When I first came to Carolina in 2004, I hadn’t heard of Information Science. Little did I know that I was already designing information systems. I had a keen understanding of technology, but always in the sense of how it could help people work smarter. In each of my part-time jobs, I found myself improving processes and helping others learn computer applications. When I read about the Bachelor of Science in Information Science (BSIS) program in UNC’s Undergraduate Bulletin, I knew I’d found my major.
I took an internship at IBM between my junior and senior years and learned more about Information Architecture and User Experience Design. Immediately following that summer, I took an intern position at Capstrat in User Experience Design. Following my senior year as an intern, I took a full time position at Capstrat. As a Lead UX Designer, I had the pleasure of directing Capstrat’s redesign of UNC.edu. It was a job I was meant to do, powered by a love of Carolina and a strong education at SILS. Capstrat also allowed me to continue my education, and I worked part-time to complete a Master of Science in Information Science (MSIS) degree from SILS in 2012. Armed with a new degree, I spent three years at ChannelAdvisor as a UX Designer and Product Manager, where I was able to focus my time on one product and learn inner workings of the rapidly changing e-commerce industry.
I also took an interest in an emerging field, the digital afterlife, exploring what happens to personal, digital collections once the owner passes away. That led to the creation of my blog, The Digital Beyond and a book, Your Digital Afterlife (New Riders Press, 2010). My work in this field led to interviews and appearances with numerous media outlets including The New York Times, CBS Sunday Morning, NPR’s Fresh Air, and The Atlantic, as well as speaking engagements at SXSW Interactive, the Internet Archive, and the Library of Congress.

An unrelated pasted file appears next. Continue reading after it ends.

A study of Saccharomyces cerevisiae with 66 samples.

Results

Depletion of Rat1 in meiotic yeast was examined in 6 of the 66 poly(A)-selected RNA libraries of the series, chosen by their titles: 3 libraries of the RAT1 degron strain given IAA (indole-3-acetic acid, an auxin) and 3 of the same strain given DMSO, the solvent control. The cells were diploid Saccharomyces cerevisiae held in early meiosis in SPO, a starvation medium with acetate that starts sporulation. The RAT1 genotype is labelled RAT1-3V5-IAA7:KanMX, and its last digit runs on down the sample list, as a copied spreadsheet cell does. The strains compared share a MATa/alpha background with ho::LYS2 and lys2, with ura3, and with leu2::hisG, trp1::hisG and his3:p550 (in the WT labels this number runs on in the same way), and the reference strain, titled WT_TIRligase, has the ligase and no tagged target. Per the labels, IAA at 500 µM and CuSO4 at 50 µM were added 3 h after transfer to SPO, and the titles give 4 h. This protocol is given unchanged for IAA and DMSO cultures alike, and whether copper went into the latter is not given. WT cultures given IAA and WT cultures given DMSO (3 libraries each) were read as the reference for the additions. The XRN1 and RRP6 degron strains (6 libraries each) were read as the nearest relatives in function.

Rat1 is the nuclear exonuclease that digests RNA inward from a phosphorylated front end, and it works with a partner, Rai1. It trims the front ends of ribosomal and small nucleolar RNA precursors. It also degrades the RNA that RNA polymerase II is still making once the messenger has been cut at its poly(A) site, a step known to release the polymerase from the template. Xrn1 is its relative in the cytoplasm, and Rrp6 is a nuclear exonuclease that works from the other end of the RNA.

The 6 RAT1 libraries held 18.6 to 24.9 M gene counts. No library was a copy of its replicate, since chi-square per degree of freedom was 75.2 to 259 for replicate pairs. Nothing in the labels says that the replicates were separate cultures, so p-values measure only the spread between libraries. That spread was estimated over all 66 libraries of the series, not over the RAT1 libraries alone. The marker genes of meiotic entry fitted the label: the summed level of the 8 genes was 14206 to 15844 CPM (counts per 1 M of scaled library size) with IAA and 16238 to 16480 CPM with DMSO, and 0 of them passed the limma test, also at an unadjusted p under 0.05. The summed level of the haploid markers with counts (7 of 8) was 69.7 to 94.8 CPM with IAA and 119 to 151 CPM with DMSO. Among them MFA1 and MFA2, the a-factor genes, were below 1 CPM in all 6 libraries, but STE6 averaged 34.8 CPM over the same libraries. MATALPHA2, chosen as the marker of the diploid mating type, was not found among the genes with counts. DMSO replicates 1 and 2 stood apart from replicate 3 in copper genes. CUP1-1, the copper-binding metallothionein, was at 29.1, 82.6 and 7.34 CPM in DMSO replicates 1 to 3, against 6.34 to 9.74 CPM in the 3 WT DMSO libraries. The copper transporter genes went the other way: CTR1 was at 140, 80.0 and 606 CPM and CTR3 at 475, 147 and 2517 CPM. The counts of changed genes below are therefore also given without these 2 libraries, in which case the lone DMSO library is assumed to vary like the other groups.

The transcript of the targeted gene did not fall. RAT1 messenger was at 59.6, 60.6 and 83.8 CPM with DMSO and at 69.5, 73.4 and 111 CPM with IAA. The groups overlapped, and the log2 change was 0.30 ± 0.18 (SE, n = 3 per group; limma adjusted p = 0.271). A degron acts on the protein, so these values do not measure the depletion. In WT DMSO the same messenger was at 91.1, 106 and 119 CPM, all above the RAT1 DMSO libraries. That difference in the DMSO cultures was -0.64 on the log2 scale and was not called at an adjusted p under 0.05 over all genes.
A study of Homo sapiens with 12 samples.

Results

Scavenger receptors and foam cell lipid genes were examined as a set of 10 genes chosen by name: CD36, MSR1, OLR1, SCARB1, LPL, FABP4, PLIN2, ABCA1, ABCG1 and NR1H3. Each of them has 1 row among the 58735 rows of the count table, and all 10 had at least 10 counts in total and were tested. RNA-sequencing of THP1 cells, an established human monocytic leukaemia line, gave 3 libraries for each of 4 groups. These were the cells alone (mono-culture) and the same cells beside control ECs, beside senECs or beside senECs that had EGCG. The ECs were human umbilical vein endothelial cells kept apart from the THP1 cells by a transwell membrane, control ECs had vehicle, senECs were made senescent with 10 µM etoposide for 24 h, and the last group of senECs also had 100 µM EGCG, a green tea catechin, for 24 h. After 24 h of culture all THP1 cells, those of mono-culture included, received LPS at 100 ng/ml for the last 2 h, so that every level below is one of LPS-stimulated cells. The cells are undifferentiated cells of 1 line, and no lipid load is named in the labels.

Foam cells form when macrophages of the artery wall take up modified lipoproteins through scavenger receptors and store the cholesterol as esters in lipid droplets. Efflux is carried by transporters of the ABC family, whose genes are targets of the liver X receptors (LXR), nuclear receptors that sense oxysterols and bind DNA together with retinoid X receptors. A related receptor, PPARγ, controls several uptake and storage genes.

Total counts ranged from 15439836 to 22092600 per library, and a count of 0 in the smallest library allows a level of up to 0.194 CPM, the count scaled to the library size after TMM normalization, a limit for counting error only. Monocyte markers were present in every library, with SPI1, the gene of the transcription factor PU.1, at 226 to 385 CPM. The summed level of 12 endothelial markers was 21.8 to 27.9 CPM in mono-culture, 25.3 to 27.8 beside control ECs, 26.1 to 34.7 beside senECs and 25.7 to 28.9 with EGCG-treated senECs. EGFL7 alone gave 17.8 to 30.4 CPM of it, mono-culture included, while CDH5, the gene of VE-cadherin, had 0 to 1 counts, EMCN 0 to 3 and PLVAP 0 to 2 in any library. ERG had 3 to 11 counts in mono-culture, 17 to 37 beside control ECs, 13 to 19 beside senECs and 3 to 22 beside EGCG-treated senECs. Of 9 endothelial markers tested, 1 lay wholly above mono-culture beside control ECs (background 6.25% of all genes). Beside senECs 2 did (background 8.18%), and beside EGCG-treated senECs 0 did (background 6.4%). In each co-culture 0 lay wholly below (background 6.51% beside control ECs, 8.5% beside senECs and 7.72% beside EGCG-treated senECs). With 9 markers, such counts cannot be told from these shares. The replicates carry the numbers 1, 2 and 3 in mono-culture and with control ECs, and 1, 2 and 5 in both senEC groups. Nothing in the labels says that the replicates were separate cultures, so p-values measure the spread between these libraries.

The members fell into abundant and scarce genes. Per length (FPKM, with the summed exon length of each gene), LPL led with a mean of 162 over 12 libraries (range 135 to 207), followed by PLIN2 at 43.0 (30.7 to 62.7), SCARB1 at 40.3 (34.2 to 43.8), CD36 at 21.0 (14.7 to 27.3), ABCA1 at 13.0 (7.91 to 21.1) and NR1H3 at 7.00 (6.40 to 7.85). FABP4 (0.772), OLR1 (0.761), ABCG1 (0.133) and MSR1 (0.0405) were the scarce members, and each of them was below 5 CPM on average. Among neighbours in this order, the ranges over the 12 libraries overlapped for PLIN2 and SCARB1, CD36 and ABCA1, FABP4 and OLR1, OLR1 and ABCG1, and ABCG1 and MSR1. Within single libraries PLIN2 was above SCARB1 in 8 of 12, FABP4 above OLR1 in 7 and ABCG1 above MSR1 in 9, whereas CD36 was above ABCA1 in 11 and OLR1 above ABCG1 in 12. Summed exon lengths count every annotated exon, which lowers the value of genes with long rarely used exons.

In 2016, I launched Evan Carroll and Associates, a consultancy aimed at helping companies understand how to use technology, data, and analytics to connect with the hearts and minds of their customers to drive both loyalty and advocacy.
I also published my second book, Blue Goldfish (9 INCH Marketing, 2016). My co-author Stan Phelps and I collected over 300 examples of companies that are effectively using technology, data, and analytics to benefit customers, rather than simply sell products. Instead of taking a technology perspective, we took a business perspective, so that anyone who wants to understand how to implement similar programs in their own company can find ways to do it.
SILS positioned me for success in all of these endeavors. I especially enjoyed the small class sizes at SILS, with direct access to my professors. SILS truly has an expert faculty, and they’re personable and approachable, to boot. What I've learned from the study of information science is a part of my work every day. I highly recommend SILS to anyone considering a career in business. I wouldn’t trade my time at SILS for anything—even another National Championship.